Friedgen: UM start in need of direction

Win aside, coach says there's a lot to improve

College Football

September 03, 2001|By Gary Lambrecht | Gary Lambrecht,SUN STAFF

COLLEGE PARK - He is barely removed from an exhilarating start to his first year as a head football coach, yet Ralph Friedgen refuses to get too excited.

Forget that, with Saturday's season-opening 23-7 victory over North Carolina, the Maryland Terrapins took an important step toward what could be their first winning season in six years and their first bowl-game bid in 11 seasons.

Forget that Maryland produced a fine showing on defense and special teams and that its offense, which sputtered for much of the day, committed no serious mistakes and pounded the Tar Heels with a physical running game in the second half. And forget that Friedgen has the campus buzzing after winning his first game.

All Friedgen wants to think about is Eastern Michigan, which visits Byrd Stadium on Saturday.

"I can't control the crowd, and I can't control what people write, but I'm going to get [my players] to focus on one game at a time. I will be on the players about that," Friedgen said.

"Football is a game where if you're not ready to play, you're going to get beat. You see it every Saturday. It doesn't matter who we're playing; we've got to get better every day, every week. We've got to be a blue-collar team that punches the clock every day and tries to improve. Our margin of error is not that great."

Friedgen pointed to the ragged appearance of the offense, which wore down Carolina by springing sophomore tailback Bruce Perry for 70 of his career-high 116 rushing yards after halftime and turned two turnovers into 14 fourth-quarter points. Perry will start against Eastern Michigan.

"I liked the toughness with which he ran. He ran exceptionally hard," Friedgen said. "He showed great vision and made cuts that were instinctive. He's earned the starting spot. If he runs like that for 11 games, I'll be a very happy man."

For most of the day, the Terps looked like players struggling to absorb a new offense, which featured a host of formations.

There were plenty of missed blocks and missed assignments, with players lining up in the wrong spots - Perry included. Receivers ran sloppy routes and dropped passes. Although quarterback Shaun Hill did connect with Jafar Williams and Scooter Monroe for touchdown passes, he was not especially sharp with his throws, and he didn't run the option effectively until late in the contest.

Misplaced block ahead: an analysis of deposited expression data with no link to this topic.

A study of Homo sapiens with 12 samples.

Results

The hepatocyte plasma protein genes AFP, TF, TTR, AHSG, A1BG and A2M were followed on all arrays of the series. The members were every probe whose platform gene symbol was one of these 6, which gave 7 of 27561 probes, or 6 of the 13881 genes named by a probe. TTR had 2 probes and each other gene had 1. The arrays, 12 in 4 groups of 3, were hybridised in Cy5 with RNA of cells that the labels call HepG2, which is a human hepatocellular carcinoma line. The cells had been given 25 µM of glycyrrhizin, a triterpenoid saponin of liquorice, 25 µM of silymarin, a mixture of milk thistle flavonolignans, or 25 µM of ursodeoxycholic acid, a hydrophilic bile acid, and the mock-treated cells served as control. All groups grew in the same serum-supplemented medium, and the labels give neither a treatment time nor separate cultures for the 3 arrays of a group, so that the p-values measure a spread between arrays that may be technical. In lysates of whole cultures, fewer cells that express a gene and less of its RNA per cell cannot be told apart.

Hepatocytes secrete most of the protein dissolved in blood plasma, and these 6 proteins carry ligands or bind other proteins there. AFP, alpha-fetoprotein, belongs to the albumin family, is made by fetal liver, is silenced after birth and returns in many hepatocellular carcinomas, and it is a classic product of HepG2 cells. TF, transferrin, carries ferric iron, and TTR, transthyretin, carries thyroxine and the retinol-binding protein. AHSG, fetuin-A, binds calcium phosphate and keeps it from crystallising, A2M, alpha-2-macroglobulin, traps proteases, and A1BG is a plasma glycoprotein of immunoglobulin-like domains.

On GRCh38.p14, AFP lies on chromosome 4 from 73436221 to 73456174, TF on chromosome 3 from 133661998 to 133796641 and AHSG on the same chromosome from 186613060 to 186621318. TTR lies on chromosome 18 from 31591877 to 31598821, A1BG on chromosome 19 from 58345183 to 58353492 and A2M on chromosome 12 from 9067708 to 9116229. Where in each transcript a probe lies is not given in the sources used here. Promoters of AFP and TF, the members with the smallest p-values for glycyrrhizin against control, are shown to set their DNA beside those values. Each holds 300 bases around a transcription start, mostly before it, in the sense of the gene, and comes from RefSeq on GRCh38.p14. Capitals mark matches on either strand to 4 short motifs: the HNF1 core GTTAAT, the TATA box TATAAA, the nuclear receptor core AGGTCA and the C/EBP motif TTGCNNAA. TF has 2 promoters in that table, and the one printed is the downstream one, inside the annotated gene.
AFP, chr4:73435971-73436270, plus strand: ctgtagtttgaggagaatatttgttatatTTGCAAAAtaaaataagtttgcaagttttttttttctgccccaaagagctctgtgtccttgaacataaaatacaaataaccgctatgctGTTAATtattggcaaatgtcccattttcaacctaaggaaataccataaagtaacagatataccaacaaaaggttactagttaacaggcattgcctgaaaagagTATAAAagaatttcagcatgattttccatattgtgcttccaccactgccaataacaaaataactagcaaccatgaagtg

Friedgen gave the highest marks on the line to center Melvin Fowler Jr. and tight end Jeff Dugan.

"Our timing was off. Our passing game was not as precise as I'd like it to be. We were just off. We've got to be tougher on the line of scrimmage. Some of the time we weren't putting them in the best position," said Friedgen, who basically rotated two lines. "But I really liked the effort we gave. I thought we were very physical. In the fourth quarter, we were fresher than [Carolina]."

And the Terps came out of their opener in good shape. Friedgen reported no significant injuries. Even senior wide receiver Guilian Gary, who was questionable earlier in the week after suffering a neck sprain nearly two weeks ago, started. Gary actually played opposite his normal wide-out spot, and contributed two catches for 26 yards and chipped in another 36 in return yardage.

Between the outstanding work of punter Brooks Barnard and the defense, Maryland forced the Tar Heels to play on long fields all day. The Terps allowed a 77-yard scoring run by tailback Willie Parker on Carolina's first play, then shut out the Tar Heels by allowing nine first downs and 199 yards the rest of the way. They forced the benching of quarterback Ronald Curry and intercepted three passes.

Linebackers E.J. Henderson (10 tackles) and Aaron Thompson (three sacks) led the unit. Friedgen also was impressed with the performances of nose tackle Charles Hill and outside linebacker Leon Joe (seven tackles).